I believe that rarely does a movie improve on the novel it is based on. The Shack is one of the few that does.
I read William Paul Young’s first book shortly after it was originally published in 2007. How could I not? It was a bestseller about God that delved into the mystery of the Trinity in a new way.
I had mixed feelings about the book. Not because of any perceived theological quibbles (it’s a novel after all, not a work of exegesis) but because I found it a little stilted. Or maybe as a father I don’t like reading about the aftermath of the abduction and murder of a child. (I don’t think that gives away too much plot, it’s in the trailer, – there’s a whole lot more to absorb in both the book and movie. You now know as much about it as I did before reading the book; well, I did know a little more, but you don’t need to.)
As a movie, as entertainment, The Shack works, which surprised me. It’s a bit of a heavy topic for Hollywood, and surprisingly well done. I went into it expecting not to like it. The book was too emotional and not cerebral enough for my taste. You could say the same thing about the movie – but I liked it anyway. I found reading the characters in the book to be a little two dimensional, especially the depiction of God. The movie brings them to life. Competent acting and good cinematography means this film comes across far stronger than I was prepared for. There is an attention to detail that I hadn’t expected – if you haven’t seen it yet, watch out for the stigmata.
The idea of God as a black woman is controversial for some. For others it is something you can extrapolate from an open-minded reading of scripture. I won’t get drawn into the debate here, but I should stress that this is a story; it is fiction. What has some people upset I think is that it doesn’t feel fictitious. That’s the mark of good storytelling. Full credit to the filmmakers for not watering down Young’s vision. There is no doubt of the strong Christian message, even as the central character wrestles with doubt, though not all the boxes in everyone’s theological check list get ticked off. I’m sure some people may feel it borders on preachy, but it feels right for the situation the characters find themselves in. And the portrayal of Christians isn’t sugarcoated – some are downright despicable.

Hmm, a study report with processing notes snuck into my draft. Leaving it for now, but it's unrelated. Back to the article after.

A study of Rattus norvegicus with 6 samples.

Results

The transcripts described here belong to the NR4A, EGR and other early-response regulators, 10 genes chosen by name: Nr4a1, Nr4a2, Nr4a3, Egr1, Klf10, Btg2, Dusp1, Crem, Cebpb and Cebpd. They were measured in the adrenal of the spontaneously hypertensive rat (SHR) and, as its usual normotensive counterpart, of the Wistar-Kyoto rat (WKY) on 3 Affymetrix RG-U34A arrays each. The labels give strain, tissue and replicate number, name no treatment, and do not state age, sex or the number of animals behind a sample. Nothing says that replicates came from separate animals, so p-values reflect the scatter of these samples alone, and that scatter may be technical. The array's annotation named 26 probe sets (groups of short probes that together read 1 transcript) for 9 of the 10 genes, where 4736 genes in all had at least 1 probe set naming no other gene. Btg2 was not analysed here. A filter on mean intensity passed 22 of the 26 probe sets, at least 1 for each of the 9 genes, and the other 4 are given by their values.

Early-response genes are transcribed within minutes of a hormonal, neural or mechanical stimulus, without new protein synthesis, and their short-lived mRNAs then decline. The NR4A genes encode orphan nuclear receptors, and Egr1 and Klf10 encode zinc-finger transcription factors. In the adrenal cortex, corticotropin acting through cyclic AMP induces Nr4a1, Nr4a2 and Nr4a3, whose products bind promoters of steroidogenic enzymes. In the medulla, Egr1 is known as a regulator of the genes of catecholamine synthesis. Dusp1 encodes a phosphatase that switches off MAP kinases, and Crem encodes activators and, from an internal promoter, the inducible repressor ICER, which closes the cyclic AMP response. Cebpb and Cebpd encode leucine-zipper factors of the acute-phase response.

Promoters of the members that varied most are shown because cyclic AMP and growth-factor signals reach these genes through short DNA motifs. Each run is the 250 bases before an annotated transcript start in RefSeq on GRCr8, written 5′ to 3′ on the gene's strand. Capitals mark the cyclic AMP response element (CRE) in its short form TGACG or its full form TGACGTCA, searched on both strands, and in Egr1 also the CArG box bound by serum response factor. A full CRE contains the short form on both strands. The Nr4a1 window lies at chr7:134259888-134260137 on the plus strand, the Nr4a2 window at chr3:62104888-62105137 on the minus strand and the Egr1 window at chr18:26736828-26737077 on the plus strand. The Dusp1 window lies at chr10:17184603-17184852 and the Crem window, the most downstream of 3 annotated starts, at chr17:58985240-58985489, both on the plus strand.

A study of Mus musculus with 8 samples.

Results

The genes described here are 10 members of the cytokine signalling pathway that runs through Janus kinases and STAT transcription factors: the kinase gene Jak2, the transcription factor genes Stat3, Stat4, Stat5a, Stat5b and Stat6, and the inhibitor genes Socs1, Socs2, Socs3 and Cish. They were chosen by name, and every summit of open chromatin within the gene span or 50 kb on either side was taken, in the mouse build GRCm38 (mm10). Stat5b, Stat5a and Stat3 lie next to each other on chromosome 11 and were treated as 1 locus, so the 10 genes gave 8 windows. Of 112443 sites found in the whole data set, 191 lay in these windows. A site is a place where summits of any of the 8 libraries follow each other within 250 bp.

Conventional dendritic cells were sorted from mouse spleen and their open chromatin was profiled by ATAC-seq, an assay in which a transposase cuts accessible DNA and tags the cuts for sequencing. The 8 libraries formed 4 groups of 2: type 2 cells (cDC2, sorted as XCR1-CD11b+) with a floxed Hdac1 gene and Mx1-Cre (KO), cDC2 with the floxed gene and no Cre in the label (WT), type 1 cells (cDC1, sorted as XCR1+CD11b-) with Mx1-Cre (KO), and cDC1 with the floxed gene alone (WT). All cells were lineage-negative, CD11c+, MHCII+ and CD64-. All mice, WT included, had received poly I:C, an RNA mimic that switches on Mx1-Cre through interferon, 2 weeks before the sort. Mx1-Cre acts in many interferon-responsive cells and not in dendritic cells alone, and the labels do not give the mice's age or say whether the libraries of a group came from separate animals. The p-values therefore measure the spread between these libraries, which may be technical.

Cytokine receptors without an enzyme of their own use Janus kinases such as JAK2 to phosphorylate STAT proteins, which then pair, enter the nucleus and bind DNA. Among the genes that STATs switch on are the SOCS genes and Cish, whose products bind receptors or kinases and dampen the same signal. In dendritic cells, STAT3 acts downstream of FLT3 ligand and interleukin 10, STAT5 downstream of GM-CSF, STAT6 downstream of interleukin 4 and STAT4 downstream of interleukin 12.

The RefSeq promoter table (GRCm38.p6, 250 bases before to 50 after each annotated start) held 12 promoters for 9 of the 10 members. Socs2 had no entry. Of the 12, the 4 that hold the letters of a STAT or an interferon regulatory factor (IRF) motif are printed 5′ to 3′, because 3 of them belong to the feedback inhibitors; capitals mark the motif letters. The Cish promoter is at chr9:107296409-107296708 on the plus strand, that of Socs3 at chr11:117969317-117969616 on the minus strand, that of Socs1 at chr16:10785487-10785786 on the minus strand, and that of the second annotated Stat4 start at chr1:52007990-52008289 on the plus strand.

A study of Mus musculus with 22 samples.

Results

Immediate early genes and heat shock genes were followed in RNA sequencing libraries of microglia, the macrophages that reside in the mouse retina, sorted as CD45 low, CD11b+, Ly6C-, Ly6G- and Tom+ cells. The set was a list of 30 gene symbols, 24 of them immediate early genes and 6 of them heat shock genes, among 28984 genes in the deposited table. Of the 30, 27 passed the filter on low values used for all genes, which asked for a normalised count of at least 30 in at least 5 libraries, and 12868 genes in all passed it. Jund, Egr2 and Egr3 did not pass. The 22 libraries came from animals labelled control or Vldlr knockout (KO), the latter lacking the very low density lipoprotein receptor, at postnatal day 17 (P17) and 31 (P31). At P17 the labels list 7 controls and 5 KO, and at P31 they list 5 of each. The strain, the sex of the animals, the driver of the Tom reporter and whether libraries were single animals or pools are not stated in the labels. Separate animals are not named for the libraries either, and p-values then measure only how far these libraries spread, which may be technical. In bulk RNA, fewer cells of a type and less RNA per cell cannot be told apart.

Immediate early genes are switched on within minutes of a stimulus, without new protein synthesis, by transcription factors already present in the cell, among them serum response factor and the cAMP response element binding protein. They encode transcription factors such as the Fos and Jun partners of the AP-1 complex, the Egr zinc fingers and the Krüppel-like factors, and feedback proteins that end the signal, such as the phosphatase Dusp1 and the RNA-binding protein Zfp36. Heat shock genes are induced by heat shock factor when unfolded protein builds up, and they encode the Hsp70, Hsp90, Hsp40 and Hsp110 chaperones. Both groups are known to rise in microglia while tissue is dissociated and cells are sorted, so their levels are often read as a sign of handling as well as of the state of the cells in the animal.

I’m not a huge moviegoer, so while some of the cast looked vaguely familiar, the only person I immediately recognized was Graham Greene (and no doubt the idea of God the Father as an Aboriginal will also upset some people). The advantage of a good story of course is that you don’t need a cast of superstars to carry the film.
Strangely, given the centrality of male characters and absence of a boy-girl romance, in some ways the film still felt like a chick flick to me. I think that may be because when something pulls at our emotions we feel it is our feminine side coming out. I’m not a chick flick fan (and living in a household of women I get subjected to enough of them), but The Shack was worth watching. I think you might feel the same way. Certainly it offers the opportunity to consider the nature of God and what God means to a fallen world, which is always a worthwhile topic.